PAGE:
Built for an experienced yachtsman, the 308-foot (94-meter) Project 817 is seen leaving the Feadship yard in Kaag for the first time. The owner, who has chartered many Feadships in the global Feadship fleet over recent years stipulated that his new yacht have similar environmental considerations as his previous Feadship despite the fact that his earlier yacht was 105 feet (32 meters) shorter in length.
One of the ways in which this highly ambitious goal was approached has been to install an exceptionally advanced hybrid propulsion system. This will allow Project 817 to travel a comfortable 12 knots on diesel-electric power in the pristine areas the yacht is set to explore. In this mode, all exhaust emissions are treated via the Tier III catalytic convertors and diesel particulate filters. A large battery bank ensures optimum generator loading and a smooth power grid. The top speed in diesel direct mode is 20 knots.
Other advanced green technologies deployed include the waste treatment plant and heat recovery systems. An immense amount of work went into optimizing the efficiency of the air-conditioning so as to prevent excessive power consumption. This is especially crucial on a yacht with floor-to-ceiling glass windows, something which required taking a different approach to structural design in order to compensate for the complete absence of bulwarks.
These giant edifices in glass are a prominent feature in the exterior design by Feadship Studio De Voogt and Azure. They also obviously play a key role in the open beach-house-style interior by Peter Marino Architects. The owner’s ‘less is more’ philosophy has influenced every aspect of the design inside and out, with an abundance of clean lines. For instance, all doors in the sides of the superstructure that would normally be hinged have been fitted as electric sliding doors. Closing flush to the superstructure with no handles, hinges or recesses, this super-smooth solution has been applied to all crew access, deck locker and guest access doors.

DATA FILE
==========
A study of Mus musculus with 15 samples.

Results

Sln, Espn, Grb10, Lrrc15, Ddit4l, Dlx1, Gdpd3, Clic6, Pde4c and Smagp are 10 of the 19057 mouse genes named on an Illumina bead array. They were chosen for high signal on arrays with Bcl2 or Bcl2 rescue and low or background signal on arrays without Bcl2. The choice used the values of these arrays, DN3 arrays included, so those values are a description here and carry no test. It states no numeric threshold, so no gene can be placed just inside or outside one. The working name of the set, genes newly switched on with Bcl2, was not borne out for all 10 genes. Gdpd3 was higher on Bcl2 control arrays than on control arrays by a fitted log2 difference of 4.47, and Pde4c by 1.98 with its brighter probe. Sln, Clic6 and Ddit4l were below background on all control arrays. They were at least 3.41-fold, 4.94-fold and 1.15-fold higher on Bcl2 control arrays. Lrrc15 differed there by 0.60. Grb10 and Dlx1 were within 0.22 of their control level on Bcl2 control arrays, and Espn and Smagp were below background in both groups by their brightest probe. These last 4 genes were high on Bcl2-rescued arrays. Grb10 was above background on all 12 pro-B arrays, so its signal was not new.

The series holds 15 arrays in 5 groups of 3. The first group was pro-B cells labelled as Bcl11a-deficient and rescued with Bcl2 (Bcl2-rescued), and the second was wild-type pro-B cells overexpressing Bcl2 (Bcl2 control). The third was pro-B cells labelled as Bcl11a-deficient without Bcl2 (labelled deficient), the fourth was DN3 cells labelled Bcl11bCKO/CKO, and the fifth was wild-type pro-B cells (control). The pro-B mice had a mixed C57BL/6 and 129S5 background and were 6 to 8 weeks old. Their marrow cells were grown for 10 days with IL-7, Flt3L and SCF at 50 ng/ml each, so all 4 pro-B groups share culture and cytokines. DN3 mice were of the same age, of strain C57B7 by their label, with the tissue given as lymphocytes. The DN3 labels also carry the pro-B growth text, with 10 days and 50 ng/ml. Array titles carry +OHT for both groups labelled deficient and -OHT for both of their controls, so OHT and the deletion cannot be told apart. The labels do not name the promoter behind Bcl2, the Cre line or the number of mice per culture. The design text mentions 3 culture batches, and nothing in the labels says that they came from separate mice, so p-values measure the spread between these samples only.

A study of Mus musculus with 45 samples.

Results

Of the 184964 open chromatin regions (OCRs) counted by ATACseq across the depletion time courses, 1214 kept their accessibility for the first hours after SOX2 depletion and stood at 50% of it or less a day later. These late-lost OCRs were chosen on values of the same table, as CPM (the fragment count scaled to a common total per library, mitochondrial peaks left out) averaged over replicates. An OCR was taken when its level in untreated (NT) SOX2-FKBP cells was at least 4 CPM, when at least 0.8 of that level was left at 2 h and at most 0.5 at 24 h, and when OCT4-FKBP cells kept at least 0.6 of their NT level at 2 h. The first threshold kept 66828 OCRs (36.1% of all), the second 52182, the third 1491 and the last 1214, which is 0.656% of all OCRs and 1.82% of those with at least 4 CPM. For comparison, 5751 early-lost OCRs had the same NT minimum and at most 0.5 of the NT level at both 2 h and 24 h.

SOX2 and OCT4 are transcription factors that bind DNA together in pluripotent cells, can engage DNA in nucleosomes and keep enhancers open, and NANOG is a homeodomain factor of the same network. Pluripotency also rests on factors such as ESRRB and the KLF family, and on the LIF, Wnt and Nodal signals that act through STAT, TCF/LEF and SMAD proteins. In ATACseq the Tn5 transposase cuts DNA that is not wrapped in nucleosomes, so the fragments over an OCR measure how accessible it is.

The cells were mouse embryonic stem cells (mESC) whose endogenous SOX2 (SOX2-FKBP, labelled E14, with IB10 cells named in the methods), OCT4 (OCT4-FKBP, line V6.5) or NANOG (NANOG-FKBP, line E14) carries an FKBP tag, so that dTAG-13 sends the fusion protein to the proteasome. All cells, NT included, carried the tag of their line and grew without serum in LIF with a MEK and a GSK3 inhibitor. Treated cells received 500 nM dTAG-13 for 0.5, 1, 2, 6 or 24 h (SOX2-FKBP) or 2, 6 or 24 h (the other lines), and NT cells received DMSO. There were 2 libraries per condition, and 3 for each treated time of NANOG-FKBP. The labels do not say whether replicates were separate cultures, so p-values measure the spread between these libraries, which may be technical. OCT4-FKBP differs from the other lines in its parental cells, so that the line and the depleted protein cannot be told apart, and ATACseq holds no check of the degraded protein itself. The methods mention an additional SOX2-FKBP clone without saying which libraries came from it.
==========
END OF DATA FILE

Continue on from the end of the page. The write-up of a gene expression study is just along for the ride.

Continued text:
Painted in a special pearl-white livery, the hull has been designed, engineered and built to be as efficient as possible and reduce the engine power required to move Project 817 through the water. Space has nonetheless been found within the 46-foot (14-meter) beam for the largest tender and longest hull doors seen on a Feadship to date.
Many more details about this striking new member of the Feadship fleet along with her name will be announced after her sea trials have been completed.